Greetings.  It was definitely a bad week for American business icons as two great brands filed for bankruptcy protection.  First, our dear friends at Hostess decided to bake a brand new plan for overcoming declining sales and a shortage of dough (or capital).  And now Kodak, the company synonymous with photography, has entered the dark room of reorganization in the hope of reemerging with a new and brighter image of its future.  In the case of Kodak, we can lay most of the blame on a failure of strategy and an unwillingness to leave the past in order to create the future.

Strategy is about making choices about offerings and customers.  Tough choices. And in the world of technology it often means giving up on our old, reliable and adored technologies as we place a bet on what will come next.  Which makes it even more troubling when we are the ones who have figured out what will come next and are unwilling to make it happen.  Because Kodak actually invented digital photography–way back in 1975–but never made the commitment or the investment to become the market leader.  Choosing instead to believe that there would always be a gigantic market for film and film-based cameras.  That they would dominate.  Just like the market for mainframe computers, vinyl records, Sony Walkmen and brick and mortar bookstores.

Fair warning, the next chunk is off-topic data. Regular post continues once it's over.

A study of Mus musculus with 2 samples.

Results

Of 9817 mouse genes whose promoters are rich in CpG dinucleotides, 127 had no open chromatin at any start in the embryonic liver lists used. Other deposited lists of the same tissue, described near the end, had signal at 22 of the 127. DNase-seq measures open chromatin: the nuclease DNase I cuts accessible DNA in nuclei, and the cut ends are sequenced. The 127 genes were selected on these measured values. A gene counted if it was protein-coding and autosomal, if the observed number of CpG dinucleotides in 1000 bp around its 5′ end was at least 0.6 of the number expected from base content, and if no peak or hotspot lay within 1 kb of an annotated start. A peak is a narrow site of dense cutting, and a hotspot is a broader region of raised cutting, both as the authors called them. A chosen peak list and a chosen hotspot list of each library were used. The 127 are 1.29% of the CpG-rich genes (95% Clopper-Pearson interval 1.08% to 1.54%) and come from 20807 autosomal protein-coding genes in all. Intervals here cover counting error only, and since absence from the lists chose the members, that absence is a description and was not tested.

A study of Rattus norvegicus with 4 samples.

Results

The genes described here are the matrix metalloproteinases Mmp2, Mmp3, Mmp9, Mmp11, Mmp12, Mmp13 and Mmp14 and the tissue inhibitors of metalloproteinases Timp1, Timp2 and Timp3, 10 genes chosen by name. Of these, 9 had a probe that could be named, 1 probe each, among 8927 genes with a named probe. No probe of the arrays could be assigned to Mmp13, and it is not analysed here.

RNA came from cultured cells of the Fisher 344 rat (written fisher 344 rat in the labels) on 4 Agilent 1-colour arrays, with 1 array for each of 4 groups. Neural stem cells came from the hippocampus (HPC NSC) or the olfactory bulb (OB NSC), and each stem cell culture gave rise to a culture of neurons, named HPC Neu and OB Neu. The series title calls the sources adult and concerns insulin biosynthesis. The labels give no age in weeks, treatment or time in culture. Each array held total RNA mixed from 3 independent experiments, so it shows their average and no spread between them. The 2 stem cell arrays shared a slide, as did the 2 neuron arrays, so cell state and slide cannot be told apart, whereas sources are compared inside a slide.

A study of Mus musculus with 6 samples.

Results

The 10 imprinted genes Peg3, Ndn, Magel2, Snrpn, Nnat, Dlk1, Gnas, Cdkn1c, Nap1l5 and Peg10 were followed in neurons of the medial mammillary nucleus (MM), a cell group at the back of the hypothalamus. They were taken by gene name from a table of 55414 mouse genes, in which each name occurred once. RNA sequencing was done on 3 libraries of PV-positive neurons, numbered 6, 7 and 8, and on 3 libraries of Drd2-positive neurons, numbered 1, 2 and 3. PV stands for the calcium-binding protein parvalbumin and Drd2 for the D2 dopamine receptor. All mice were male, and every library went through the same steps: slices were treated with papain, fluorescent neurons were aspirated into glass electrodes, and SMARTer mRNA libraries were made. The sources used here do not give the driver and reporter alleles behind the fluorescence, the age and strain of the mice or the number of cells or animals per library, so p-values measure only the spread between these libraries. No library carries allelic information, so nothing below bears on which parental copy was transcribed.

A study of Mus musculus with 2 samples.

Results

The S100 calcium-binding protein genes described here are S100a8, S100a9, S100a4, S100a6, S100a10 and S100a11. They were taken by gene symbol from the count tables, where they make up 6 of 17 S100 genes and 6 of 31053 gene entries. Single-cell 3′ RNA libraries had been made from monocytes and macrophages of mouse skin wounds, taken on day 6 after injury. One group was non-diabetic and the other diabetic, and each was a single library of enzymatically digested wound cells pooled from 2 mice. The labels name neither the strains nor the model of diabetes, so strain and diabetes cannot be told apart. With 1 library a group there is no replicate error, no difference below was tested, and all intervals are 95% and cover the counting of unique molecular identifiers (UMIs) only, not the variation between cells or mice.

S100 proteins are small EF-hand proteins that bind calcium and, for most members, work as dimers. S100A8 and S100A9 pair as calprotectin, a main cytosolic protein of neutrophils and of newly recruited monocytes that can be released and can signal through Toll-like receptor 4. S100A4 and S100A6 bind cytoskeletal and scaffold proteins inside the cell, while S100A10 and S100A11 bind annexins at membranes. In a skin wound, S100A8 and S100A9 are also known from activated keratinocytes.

And adding to the sadness of Kodak's decline is the reality that the company's main competitor in the old world of photography, Fujifilm, is thriving today as a diversified company with strong and very successful offerings in digital cameras, specialty films, medical imaging, digital services and optical devices.  The result, one can only imagine, of a clear strategy aimed at exposing the limitations of its core business in order to reinvent a prosperous future.


We win in business and in life when we are willing to make dramatic changes required to survive and prosper.  And when we have the guts to give up those parts of the past that won't get us to the future.